Wed Jul 29, 2020 at 07:30 AM

Many of us have spent the spring and summer more deeply considering what we can do to actively advance social justice. In considering how teaching decisions work for or against social justice in our courses, the syllabus may be a good place to start, as it is the snapshot of the whole course. The syllabus can be the site for analyzing and dismantling cultural hierarchies and power structures in one’s required readings, activities, and assessments. This can include

  • Who writes the required texts
  • What student expressions count as learning
  • What cultural expressions are deemed valuable
  • The format and flexibility of course content
  • Who you cite and use as examples in presentations

As you review your syllabus, consider which texts, activities, projects, and other engagement either include a variety of students or subtly discourage participation and decrease student motivation.

Be precise about your actions and goals with the syllabus.

Being precise about what we are doing can help us be intentional about our current and future goals, and helps us properly acknowledge the distinct work of others. For example, some refer to “decolonizing the syllabus” in an oversimplified why, as a stand-in for general “diversity and inclusion stuff” rather than acknowledging the specific effects of colonialism in our teaching and students’ learning. Nayantara Sheoran Appleton (2019) challenges faculty to be precise about what they are doing with their course content and offers these terms and goals as alternatives:

  • Diversify your syllabus and curriculum
  • Digress from the cannon
  • Decentre knowledge and knowledge production
  • Devalue hierarchies
  • Disinvest from citational power structures
  • Diminish some voices and opinions in meetings, while magnifying others

These “Ds” progressively work toward deconstructing system of privilege and power: while “diversifying” might simply simply be sprinkling in more diverse texts, “decentering” is recognizing groups and ideas that over-represent a field and moving the focus off of these groups and ideas. By being more precise, you can recognize the trajectory of your work.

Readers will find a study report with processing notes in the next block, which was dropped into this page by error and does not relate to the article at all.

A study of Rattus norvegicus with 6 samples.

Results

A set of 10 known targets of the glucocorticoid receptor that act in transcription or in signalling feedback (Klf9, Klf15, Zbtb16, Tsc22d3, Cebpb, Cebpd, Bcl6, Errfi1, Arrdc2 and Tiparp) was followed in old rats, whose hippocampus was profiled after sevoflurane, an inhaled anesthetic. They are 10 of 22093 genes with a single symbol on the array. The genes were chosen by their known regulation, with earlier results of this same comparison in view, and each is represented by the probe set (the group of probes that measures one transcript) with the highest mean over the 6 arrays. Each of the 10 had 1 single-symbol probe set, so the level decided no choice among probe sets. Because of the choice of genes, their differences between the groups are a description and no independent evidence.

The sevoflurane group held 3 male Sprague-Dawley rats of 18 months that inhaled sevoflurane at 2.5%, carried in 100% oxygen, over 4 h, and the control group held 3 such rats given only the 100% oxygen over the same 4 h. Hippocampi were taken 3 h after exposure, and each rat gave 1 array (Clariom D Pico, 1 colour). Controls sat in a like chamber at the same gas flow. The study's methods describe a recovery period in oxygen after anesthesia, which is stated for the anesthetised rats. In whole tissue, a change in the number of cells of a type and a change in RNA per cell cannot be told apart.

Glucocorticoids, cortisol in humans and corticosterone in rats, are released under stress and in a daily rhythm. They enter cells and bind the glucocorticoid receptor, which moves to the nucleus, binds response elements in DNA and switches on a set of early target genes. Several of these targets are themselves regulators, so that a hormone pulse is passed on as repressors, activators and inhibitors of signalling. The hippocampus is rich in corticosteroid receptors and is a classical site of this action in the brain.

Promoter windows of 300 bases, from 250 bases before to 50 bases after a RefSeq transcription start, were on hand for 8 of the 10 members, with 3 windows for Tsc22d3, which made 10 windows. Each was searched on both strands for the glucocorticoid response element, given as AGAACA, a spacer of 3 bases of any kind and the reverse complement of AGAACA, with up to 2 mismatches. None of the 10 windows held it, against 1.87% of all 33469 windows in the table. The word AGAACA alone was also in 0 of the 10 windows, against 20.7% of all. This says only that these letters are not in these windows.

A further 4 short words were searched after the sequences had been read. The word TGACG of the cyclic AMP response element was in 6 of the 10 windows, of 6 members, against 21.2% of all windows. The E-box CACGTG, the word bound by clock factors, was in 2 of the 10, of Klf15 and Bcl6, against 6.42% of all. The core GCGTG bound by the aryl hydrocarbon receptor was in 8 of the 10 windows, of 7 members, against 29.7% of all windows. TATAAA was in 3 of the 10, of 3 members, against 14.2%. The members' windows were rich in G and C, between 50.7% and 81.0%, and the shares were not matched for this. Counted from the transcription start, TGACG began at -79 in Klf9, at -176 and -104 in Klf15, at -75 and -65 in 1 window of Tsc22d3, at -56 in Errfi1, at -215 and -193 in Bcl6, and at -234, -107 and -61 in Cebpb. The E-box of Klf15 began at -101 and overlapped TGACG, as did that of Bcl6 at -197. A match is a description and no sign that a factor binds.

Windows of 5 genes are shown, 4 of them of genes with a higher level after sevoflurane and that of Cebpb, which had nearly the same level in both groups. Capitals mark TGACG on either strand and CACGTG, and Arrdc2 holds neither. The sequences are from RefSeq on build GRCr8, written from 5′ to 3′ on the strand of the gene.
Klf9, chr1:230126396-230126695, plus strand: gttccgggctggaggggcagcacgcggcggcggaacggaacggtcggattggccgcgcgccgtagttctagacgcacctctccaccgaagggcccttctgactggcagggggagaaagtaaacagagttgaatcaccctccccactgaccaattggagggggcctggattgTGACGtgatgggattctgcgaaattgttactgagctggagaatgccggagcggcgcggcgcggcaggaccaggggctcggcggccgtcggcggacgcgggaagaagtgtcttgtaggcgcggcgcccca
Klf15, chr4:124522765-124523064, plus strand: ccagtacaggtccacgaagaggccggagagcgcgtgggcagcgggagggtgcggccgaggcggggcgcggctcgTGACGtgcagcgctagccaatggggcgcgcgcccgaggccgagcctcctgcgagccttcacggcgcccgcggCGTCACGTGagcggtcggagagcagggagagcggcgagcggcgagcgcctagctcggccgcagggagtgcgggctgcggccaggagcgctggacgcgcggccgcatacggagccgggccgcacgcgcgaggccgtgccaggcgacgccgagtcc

Be realistic about the time and effort it will take to make effective improvements.

After analyzing the syllabus and identifying some goals, determine which are most urgent and feasible and which will require more learning and work. Part of this work includes learning from others and centering their work. If we rush and implement goals with an incomplete understanding, we may effectively work against our goals. 

Determine what you can do today to immediately implement more inclusive strategies (U-M’s Inclusive Teaching Checklist may provide some ideas) and to work toward long-term changes. As many are moving to online, Flower Darby offers 6 Quick Ways to Be More Inclusive in a Virtual Classroom, focusing on universal design for learning and culturally responsive teaching.

Learn how others in your field are doing this work.

Each field likely needs to focus on different power structures at play, and the work is underway. Search for reading lists of underrecognized scholars and open educational resources. Twitter is often a good forum for recognizing scholars and activists doing critical and community engaged work related to your field. Consult professional organization listservs: if nothing is immediately available, put out a question asking others to provide sources, ideas, and insight.

The work of creating a more inclusive and just learning environment is urgent, but also requires long-term planning. Whatever ideas come out of your critical examination of the syllabus, always ask yourself what you can do right away and what is worth working toward in the months to come.

References and Resources

Appleton, N. S. (2019 February 4). Do Not ‘Decolonize' . . . If You Are Not Decolonizing: Progressive Language and Planning Beyond a Hollow Academic Rebranding. Critical Ethnic Studies. University of Minnesota Press.

Recommended: Maha Bali, Associate Professor of Practice at the Center for Learning & Teaching at the American University in Cairo (AUC), explains nuanced definitions of equity, social justice, and decolonization, with a focus on higher education (July 13, 2020). 

Enriquez, J. (2020). The documents we teach byHybrid Pedagogy. 

Renes, S. (2020). Amplifying indigenous voicesCritical digital pedagogy: A collection. Hybrid Pedagogy Publishing. 


Written by Christina Moore, Center for Excellence in Teaching and Learning. Others may share and adapt under Creative Commons License CC BY-NC. Photo by Nik Shuliahin from Unsplash.